Jennifer Enders and Brett Wilbanks are striving for a fully sustainable lifestyle — a focus on energy conservation, producing minimal waste and a heightened sense of environmental consciousness. The key is to start where you are and work within the system's limits.
Dale White, a dance instructor for 32 years, began holding classes for people who, like herself, hate to exercise. She rents out a room behind the Copper Kettle Restaurant to hold the 40-minute classes at 11 a.m. every Monday and at 7 p.m. on Tuesday.
There are more than a few opportunities to volunteer within the community, with openings that will fit your time commitment.
Zeb Charlton, 12, and his family have become regulars at the Central Missouri Humane Society. Zeb, known as the "dog whisperer," has a way of working with dogs who need extra love and special care.
Volunteers train to run in races and raise money for the Leukemia & Lymphoma Society.
The device would allow disabled people to have control over their environment with their tongues.
After her daughter’s suicide, Mary Lou Wallner examined her faith-based views of homosexuality. She will share her understanding on Friday at Missouri United Methodist Church.
The festival’s artistic director will also play alongside St. Louis musician Erin Bode on Thursday.
Youth Empowerment Zone gives teens a chance to start a new chapter in their lives.
After 140 hours of rehearsal with 41 kids and 29 orchestra members, performances of “The King and I” will begin Thursday.
Shipman has compiled more than 4,000 hours piloting helicopters and 4,700 hours piloting airplanes over 50 years.
Offering an array of exotic animals for petting along with pony and camel rides, Hedrick’s Educational Petting Zoo opened at the Boone County Fair on Wednesday afternoon. It is the second time the zoo is participating in the fair.
Bird watching is more than just a leisure activity; it's also a means of keeping track of local birds and their special habitat needs.
Matt Haimovitz wants to let people know that classical music is still relevant by putting a modern twist on the genre of music that’s been around for hundreds of years.
For summer camp staff, dealing with "kid-sick" parents has become as common as tending to homesick kids. But experts say camp is good for both children and their parents.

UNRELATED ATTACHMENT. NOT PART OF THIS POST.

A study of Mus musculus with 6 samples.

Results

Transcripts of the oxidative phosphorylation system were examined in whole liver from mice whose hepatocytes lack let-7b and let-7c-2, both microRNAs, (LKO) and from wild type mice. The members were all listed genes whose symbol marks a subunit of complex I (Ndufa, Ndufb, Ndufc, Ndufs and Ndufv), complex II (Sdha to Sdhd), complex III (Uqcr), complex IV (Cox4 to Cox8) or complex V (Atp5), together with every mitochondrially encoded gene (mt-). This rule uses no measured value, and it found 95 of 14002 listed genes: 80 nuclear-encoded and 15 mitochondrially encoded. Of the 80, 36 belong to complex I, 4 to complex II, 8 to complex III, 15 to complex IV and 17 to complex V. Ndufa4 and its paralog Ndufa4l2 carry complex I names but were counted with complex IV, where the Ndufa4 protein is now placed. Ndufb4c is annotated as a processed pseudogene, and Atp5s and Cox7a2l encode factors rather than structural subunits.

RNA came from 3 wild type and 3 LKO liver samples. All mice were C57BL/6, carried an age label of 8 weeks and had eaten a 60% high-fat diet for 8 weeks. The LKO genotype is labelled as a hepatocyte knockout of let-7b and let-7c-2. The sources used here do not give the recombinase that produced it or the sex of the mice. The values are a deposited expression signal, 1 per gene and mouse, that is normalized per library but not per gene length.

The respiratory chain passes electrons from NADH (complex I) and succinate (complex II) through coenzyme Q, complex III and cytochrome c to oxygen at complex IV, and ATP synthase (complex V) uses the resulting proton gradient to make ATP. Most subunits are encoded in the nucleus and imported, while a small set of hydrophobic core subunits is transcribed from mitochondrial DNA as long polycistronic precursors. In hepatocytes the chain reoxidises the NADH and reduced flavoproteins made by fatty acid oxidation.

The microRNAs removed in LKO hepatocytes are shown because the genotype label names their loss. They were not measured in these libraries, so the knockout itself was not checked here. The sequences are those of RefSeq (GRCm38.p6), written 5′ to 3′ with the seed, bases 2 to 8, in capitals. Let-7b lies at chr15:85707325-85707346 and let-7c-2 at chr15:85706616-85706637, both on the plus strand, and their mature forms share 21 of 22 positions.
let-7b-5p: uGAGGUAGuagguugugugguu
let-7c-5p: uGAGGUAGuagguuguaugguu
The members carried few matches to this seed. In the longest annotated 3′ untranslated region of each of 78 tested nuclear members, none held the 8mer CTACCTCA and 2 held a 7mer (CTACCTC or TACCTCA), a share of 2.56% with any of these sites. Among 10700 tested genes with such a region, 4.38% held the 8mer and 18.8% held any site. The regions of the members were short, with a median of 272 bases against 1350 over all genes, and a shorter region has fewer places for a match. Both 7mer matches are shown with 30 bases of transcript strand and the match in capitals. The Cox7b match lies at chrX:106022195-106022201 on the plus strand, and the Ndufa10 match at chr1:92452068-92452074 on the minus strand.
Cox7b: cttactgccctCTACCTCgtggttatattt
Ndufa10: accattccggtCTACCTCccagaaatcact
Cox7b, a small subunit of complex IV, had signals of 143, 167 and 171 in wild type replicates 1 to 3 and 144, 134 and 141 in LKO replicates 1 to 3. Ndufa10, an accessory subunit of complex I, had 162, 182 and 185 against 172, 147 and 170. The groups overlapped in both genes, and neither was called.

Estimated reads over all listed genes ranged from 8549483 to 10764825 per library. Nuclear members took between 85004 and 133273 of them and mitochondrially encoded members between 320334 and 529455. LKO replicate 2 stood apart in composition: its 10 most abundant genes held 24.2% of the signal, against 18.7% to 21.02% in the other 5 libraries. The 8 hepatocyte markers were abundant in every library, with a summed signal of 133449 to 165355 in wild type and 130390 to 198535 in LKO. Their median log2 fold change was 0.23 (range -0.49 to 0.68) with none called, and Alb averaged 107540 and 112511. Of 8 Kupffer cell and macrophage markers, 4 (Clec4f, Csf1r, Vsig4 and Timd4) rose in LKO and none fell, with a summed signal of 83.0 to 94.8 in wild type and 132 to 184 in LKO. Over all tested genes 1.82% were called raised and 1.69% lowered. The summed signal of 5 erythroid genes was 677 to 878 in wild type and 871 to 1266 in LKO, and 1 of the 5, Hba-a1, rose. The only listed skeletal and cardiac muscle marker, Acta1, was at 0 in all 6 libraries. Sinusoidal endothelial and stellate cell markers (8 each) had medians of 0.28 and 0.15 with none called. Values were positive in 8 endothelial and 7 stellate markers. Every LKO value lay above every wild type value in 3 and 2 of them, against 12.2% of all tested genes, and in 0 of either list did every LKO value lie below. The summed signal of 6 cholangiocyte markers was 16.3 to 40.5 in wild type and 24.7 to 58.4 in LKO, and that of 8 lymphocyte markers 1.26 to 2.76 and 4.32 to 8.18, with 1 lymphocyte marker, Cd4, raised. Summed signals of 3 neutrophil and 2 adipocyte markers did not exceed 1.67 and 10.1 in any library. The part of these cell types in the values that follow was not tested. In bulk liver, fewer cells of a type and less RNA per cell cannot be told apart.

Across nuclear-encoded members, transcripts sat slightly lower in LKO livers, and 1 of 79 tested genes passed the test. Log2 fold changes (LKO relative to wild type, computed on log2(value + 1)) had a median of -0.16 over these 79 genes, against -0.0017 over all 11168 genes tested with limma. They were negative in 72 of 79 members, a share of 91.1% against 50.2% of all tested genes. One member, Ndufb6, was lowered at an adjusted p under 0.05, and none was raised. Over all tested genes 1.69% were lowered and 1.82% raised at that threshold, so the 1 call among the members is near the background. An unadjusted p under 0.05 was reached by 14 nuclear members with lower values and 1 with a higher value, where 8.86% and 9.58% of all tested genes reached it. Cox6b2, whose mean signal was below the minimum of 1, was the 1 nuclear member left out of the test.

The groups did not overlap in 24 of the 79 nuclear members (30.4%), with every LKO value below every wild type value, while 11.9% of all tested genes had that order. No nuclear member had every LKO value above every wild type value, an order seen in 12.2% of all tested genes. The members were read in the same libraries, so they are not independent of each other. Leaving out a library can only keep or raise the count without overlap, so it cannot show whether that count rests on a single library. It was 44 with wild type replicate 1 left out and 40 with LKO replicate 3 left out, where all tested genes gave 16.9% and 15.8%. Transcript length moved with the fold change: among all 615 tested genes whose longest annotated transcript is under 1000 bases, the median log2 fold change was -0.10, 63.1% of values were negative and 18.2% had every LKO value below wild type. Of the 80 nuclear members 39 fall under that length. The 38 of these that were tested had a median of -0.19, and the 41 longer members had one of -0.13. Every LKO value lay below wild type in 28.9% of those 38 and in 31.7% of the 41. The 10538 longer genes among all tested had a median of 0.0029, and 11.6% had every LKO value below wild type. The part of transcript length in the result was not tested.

“The peace accompanying the beginning of evening happens to me with this print,” said Mary Pixley, associate curator at the MU Museum of Art and Archaeology. She was gazing at a woodblock print of an evening water scene by Tsuichiya Koitsu (1879–1949) and was lost in it for a moment. Her face and eyes softened as she described the effect the image has on her, “And then you feel night falling with the last light of the sun touching the edge of the clouds.”
Saturday was a night of reminiscing and farewells for the patrons and staff of Grill One 5. The restaurant and bar’s owner, Mike Reilly, has reluctantly decided to close its doors after nine years of business.
Sarah Phillips graduated from MU with a degree in journalism. At the end of this summer she is moving to Los Angeles to attend acting school. But before that, she’s filming “Memory, Loss” — a no-budget film home-grown in Columbia.
Minutes after the final bell rang at Ridgeway Elementary School a few weeks ago, fourth-grader Cole Nelson was pressing dirt around the delicate stem of a newly planted flower, a rose turtle head.
Little green thumbs like Cole’s are sprouting up all over Columbia, thanks to students, teachers, volunteers and parents tending elementary school gardens. The idea is to give kids a hands-on learning experience and encourage them to play outside, away from TV and video games.